Seismic Stratigraphy and Geomorphology of the Exmouth Plateau, North-Western Shelf, Australia

  • Author / Creator
    Sinhabaedya, Prang
  • The Exmouth Plateau is a part of the Northern Carnarvon Basin, offshore northwest Australia. It evolved from a pre-rift in the late Paleozoic, experiencing many tectonic activities, from syn-rift sub-basins in the Mesozoic to a passive margin in the Cenozoic. The study area, located within the Exmouth Plateau, is a gas exploration target named the Chandon Field. The Chandon-1 well was drilled in 2006 and is the only well from the area that provides the data used in this study. The seismic data penetrate up to 5000 milliseconds, covering an area of 875 km2. The information regarding basin evolution in the Paleozoic Age is scarce, as the main exploration interest rests with the Mesozoic and Cenozoic.

    The objective of this study is to investigate sequence stratigraphy and geomorphology of the area. In order to understand the evolution of the depositional environments and the paleogeography, 3-D seismic data have been interpreted by means of horizon picking. Furthermore, the outcomes of the study, which are 9 seismic units, 11 horizons, and 10 horizon slices, reveal that the provenance of sediments were derived from various sources from the Triassic, Jurassic, Cretaceous and Cenozoic ages. The Pre-breakup seismic units were from terrestrial environments, such as fluvio-deltaic environments. On the other hand, the Post-breakup seismic units were derived from a wide range of marine environments, ranging from shallow to deep water.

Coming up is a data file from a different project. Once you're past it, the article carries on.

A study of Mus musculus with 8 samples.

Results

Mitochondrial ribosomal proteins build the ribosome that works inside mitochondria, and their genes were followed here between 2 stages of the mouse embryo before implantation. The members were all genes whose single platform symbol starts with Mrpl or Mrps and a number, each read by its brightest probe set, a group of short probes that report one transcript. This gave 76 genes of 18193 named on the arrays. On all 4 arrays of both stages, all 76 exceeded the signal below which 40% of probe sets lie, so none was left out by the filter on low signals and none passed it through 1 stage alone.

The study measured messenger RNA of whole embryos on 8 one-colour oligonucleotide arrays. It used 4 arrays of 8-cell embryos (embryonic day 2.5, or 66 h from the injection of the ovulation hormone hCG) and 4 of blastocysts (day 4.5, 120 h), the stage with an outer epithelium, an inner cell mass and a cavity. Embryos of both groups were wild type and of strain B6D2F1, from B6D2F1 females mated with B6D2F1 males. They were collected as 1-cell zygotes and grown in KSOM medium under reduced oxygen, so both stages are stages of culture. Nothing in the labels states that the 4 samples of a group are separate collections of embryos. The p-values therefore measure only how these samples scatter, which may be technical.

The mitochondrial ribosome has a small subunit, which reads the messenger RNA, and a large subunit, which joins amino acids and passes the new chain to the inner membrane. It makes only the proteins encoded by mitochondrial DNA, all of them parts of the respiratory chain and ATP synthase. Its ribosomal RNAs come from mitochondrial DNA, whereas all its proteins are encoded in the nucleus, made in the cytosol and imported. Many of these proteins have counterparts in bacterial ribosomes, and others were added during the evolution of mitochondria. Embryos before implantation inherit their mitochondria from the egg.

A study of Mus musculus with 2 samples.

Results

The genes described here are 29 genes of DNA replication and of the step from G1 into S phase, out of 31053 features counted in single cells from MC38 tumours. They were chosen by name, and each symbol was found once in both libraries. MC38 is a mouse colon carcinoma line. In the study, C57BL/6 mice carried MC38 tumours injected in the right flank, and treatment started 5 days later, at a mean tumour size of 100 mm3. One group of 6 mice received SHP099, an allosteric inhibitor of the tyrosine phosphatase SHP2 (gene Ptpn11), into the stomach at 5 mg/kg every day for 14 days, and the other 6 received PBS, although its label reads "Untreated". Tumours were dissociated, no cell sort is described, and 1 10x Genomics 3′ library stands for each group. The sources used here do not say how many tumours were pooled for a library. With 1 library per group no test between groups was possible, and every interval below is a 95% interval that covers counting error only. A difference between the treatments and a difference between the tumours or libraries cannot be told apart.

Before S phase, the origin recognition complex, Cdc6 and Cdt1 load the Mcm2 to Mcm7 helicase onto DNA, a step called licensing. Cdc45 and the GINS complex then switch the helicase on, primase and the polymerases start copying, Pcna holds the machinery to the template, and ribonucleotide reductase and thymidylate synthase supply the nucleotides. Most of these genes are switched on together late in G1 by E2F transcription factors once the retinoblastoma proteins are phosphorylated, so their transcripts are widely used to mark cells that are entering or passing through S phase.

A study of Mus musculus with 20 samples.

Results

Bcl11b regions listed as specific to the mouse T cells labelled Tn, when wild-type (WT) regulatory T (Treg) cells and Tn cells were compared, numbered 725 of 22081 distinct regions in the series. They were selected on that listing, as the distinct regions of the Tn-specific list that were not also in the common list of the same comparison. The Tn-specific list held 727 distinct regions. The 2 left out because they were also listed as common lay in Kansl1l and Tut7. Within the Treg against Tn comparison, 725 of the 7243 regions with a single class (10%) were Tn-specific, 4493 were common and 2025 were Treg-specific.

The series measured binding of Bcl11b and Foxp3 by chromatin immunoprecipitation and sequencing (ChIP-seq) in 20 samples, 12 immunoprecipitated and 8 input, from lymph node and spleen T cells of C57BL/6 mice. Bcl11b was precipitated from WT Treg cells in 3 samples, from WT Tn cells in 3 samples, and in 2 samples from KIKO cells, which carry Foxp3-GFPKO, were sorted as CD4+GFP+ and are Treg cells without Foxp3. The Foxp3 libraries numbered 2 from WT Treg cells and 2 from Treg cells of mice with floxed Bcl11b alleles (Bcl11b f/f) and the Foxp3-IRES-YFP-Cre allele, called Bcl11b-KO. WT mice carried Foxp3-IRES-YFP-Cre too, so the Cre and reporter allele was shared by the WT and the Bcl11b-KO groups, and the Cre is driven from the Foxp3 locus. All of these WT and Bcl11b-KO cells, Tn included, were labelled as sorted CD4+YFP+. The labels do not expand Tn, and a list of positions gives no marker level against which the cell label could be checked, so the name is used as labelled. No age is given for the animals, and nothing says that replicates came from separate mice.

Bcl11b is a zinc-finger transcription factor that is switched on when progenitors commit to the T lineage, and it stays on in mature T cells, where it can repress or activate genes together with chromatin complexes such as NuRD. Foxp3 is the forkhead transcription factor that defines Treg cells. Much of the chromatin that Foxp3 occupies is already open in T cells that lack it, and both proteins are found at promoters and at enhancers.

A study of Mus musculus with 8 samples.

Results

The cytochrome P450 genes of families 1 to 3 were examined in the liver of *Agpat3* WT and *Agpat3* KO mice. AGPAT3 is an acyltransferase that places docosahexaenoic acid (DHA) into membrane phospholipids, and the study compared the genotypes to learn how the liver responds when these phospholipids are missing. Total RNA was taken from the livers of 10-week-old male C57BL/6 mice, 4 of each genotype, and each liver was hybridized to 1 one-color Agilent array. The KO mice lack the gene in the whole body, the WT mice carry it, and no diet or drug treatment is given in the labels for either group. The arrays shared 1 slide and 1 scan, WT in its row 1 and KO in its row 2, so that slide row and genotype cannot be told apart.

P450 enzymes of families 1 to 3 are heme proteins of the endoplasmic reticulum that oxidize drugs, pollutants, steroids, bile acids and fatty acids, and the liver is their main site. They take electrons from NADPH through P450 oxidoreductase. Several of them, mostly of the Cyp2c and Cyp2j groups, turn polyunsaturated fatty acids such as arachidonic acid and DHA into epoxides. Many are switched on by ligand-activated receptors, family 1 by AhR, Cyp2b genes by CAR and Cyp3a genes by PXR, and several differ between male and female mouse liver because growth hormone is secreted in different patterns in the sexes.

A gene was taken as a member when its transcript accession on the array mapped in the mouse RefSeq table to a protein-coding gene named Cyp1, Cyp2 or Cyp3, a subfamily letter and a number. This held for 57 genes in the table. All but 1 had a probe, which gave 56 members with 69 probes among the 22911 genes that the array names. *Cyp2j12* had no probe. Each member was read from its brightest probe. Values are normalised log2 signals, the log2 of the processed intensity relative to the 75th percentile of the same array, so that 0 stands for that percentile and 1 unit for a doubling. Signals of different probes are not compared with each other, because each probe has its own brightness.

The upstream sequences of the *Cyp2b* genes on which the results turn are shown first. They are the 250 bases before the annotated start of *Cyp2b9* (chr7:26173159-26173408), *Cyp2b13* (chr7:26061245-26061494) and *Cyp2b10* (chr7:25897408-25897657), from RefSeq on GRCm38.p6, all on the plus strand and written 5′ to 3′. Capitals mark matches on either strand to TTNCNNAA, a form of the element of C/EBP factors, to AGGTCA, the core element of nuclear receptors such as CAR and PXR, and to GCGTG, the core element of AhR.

In this study, most of the time was dedicated to the generation and analysis of horizon slices. In addition, the interpretation of 10 seismic horizon slices overlaid by different seismic attributes, reveals new information which should be investigated further in the future. This information should also be investigated on time slices.

  • Subjects / Keywords
  • Graduation date
    Fall 2011
  • Type of Item
  • Degree
    Master of Science
  • DOI
  • License
    This thesis is made available by the University of Alberta Libraries with permission of the copyright owner solely for non-commercial purposes. This thesis, or any portion thereof, may not otherwise be copied or reproduced without the written consent of the copyright owner, except to the extent permitted by Canadian copyright law.